How Commissioner Bud Selig can remake his legacy and cement his Jewishness

Marc Tracy
April 28, 2011
Ebbets Field, former home of the former Brooklyn Dodgers.(Wikipedia)
Ebbets Field, former home of the former Brooklyn Dodgers.(Wikipedia)

Dear Bud Selig,
You’re retiring at the end of next season. Your last big move as commissioner of Major League Baseball—a stint that saw the 1994 strike; four expansion franchises; the switch of the team you used to own, the Milwaukee Brewers, from the American to the National League; and most memorably of all the steroids scandal—will likely be your recent takeover of the Los Angeles Dodgers.

Mr. Selig, you are also a Jew, and therefore probably have an intuitive grasp of the connection the American Jewish community feels to this franchise.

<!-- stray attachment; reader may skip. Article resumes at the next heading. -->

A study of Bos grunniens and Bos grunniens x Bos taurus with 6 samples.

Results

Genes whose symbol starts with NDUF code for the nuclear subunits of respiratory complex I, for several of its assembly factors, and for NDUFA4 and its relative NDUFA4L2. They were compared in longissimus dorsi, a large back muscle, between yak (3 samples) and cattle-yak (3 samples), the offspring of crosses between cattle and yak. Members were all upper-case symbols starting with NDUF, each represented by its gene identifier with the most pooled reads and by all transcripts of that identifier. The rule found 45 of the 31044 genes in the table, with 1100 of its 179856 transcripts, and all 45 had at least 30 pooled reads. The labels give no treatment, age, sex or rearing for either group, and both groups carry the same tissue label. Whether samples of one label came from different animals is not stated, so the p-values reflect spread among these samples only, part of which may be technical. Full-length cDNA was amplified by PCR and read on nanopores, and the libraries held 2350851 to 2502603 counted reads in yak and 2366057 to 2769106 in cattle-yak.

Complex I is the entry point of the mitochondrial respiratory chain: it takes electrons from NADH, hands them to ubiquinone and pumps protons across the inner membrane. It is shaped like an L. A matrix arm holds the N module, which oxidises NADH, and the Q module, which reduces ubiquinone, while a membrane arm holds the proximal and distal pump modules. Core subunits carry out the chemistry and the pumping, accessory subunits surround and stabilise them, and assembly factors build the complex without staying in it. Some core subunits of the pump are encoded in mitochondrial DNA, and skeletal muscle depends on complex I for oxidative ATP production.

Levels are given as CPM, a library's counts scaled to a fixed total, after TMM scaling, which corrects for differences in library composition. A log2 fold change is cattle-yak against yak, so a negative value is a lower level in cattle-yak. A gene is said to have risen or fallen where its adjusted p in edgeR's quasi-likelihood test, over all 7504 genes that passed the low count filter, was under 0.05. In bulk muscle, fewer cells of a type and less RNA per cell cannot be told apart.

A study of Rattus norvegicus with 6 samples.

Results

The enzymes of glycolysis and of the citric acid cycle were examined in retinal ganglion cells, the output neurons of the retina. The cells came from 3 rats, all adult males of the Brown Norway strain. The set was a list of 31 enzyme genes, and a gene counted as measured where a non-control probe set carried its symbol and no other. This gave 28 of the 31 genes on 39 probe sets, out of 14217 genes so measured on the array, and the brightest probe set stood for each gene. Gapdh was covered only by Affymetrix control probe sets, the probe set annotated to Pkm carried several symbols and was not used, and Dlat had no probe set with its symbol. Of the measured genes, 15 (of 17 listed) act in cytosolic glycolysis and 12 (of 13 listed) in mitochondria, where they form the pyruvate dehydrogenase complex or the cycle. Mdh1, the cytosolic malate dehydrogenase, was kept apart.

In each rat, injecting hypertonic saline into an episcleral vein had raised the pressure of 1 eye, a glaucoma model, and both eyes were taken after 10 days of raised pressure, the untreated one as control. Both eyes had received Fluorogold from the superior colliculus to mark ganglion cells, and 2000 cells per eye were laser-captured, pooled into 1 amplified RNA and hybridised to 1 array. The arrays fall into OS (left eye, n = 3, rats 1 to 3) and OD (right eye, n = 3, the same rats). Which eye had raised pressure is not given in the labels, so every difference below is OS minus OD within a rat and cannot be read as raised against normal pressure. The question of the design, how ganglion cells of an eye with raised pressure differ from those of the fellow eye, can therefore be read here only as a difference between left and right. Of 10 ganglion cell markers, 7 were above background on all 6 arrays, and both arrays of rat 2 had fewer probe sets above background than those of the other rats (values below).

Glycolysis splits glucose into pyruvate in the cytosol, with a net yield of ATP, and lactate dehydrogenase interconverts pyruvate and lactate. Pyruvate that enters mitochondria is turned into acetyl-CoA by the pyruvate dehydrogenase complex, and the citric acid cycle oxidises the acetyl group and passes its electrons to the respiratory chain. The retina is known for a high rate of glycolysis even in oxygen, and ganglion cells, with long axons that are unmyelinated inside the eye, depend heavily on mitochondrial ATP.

Mr. Selig, sunshine and palm trees are great, and Dodger Stadium is wonderful: It makes you feel like you have stepped into the California scenes of Mad Men. L.A. has a very solid baseball fanbase, too. No disrespect here.

But, Mr. Selig, if you want to be remembered as a hero, you have one obvious move left: Move the team back to Brooklyn.

The borough is about to get a basketball team. It has experienced a resurgence that its newly team-less denizens of a half-century ago could never have imagined. It is therefore time. It is past time. The front entrance can even be named after Vin Scully.

L.A.? L.A. can have the Mets.

Marc Tracy is a staff writer at The New Republic, and was previously a staff writer at Tablet. He tweets @marcatracy.